PC Market To Continue Downslide Amid 'Limited' Windows 8 Uptake
- By Gladys Rama
- March 06, 2013
Global PC shipments will contract in 2013 for the second straight year, according to market research firm IDC.
In an announcement on Tuesday, IDC cited a litany of reasons for the sustained decline in the PC market, including poor holiday sales, growth in tablet shipments, unfavorable economic conditions, PC saturation in emerging markets and "limited initial traction from Windows 8."
"Although the PC industry had banked on Windows 8 and a more varied and less expensive offering of ultrathin notebooks to revive demand, efforts thus far have been disappointing," IDC said. "A lack of touchscreen components has contributed to a limited supply of touch-enabled Windows 8 models -- being out of step with the touch focus of Windows 8, and appearing relatively expansive compared to other options."
Last year was a challenging one for the worldwide PC market, with shipments falling by a total of 3.7 percent, according to IDC. The U.S. market fared even worse, with a 7.6 percent decline. The fourth quarter of 2012 was marked by an 8.3 percent year-over-year drop in shipments -- the most significant decline IDC has on record for the fourth quarter holiday season.
The decline will continue on into 2013, IDC said, forecasting that PC shipments will fall by 1.3 percent over the year. Growth in emerging markets will be limited at under 1 percent, while mature markets will see a decline of 4 percent.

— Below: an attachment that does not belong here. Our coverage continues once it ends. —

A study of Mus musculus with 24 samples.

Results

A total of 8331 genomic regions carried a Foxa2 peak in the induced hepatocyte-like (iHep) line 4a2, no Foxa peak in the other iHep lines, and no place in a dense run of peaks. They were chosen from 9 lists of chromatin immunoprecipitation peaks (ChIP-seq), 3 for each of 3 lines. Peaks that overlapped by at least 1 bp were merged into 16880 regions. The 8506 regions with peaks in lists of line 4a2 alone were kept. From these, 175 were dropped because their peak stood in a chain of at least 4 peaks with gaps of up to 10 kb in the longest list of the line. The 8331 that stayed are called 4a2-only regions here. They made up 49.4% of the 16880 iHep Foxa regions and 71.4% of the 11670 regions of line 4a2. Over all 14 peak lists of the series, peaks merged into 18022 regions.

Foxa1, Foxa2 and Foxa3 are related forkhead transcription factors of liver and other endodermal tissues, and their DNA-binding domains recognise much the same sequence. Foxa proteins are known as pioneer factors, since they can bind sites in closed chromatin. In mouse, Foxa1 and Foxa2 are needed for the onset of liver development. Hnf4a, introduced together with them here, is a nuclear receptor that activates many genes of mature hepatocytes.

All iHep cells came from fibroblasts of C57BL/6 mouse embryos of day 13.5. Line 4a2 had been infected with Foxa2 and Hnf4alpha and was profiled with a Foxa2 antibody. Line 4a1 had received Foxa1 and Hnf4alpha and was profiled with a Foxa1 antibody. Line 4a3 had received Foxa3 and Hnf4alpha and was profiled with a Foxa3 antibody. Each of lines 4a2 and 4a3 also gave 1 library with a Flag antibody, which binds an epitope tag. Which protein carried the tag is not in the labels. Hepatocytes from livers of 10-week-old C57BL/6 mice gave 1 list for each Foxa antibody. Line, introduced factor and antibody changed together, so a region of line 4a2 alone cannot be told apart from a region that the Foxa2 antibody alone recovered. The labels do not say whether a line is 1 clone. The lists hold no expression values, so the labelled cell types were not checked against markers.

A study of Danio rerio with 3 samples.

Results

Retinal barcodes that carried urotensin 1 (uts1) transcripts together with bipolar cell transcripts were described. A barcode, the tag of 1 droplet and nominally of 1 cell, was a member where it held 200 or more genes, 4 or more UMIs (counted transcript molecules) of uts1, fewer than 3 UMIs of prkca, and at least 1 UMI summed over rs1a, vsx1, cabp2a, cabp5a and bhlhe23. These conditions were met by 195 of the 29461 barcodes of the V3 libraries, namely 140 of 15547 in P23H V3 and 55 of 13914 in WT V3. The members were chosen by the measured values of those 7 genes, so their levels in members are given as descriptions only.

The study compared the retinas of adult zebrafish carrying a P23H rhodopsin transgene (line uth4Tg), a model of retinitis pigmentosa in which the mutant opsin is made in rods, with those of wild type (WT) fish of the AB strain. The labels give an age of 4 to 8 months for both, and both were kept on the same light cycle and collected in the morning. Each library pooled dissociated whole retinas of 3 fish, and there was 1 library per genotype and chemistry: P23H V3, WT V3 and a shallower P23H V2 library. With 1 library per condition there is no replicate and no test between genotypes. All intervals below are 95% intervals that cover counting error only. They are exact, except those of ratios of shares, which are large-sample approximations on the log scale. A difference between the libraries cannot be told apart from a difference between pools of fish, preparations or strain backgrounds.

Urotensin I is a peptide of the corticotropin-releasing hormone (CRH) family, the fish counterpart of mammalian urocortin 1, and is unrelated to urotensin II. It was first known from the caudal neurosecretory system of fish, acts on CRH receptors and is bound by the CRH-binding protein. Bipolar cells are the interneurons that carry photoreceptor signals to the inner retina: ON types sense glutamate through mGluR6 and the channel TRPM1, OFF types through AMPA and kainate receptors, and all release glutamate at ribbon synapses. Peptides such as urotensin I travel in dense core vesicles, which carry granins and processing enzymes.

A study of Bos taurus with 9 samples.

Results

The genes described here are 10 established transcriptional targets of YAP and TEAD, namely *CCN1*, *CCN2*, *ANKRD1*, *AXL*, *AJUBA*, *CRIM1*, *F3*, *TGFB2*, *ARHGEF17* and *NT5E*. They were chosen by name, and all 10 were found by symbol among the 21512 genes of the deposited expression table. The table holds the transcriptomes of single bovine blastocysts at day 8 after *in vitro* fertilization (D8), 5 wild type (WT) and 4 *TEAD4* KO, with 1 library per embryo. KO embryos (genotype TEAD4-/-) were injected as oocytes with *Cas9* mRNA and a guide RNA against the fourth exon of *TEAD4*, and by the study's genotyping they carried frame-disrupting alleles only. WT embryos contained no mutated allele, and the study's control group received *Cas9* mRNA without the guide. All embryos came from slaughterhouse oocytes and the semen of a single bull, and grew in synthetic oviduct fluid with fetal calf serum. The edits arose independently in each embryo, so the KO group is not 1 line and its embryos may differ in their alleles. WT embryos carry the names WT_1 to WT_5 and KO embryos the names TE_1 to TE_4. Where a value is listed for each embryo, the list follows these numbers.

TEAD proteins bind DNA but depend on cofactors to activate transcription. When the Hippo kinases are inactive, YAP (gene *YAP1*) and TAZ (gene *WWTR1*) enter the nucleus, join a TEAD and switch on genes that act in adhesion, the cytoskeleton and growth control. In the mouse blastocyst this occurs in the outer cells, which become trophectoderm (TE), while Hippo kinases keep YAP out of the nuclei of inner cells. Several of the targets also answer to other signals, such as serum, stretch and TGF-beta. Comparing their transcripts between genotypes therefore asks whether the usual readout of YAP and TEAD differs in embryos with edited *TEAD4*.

"Market saturation, a tough economic environment and weakness across the board, and lack of momentum for Windows 8, which led to 2012 contraction, are expected to persist at least during the first half of 2013," said IDC research analyst Rajani Singh in a prepared statement.
However, IDC does expect the market to rebound somewhat in the later part of the year.
"IDC expects the second half of 2013 to regain some marginal momentum partly as a rubber band effect from 2012, and largely thanks to the outcome of industry restructuring, better channel involvement, and potentially greater acceptance of Windows 8," Singh said. "We also anticipate a new refresh cycle momentum in the commercial segment driven by the end of Window[s] XP life support." Microsoft is expected to cut off support for the aging XP operating system on April 2014.
Gladys Rama is the senior site producer for Redmondmag.com, RCPmag.com and MCPmag.com.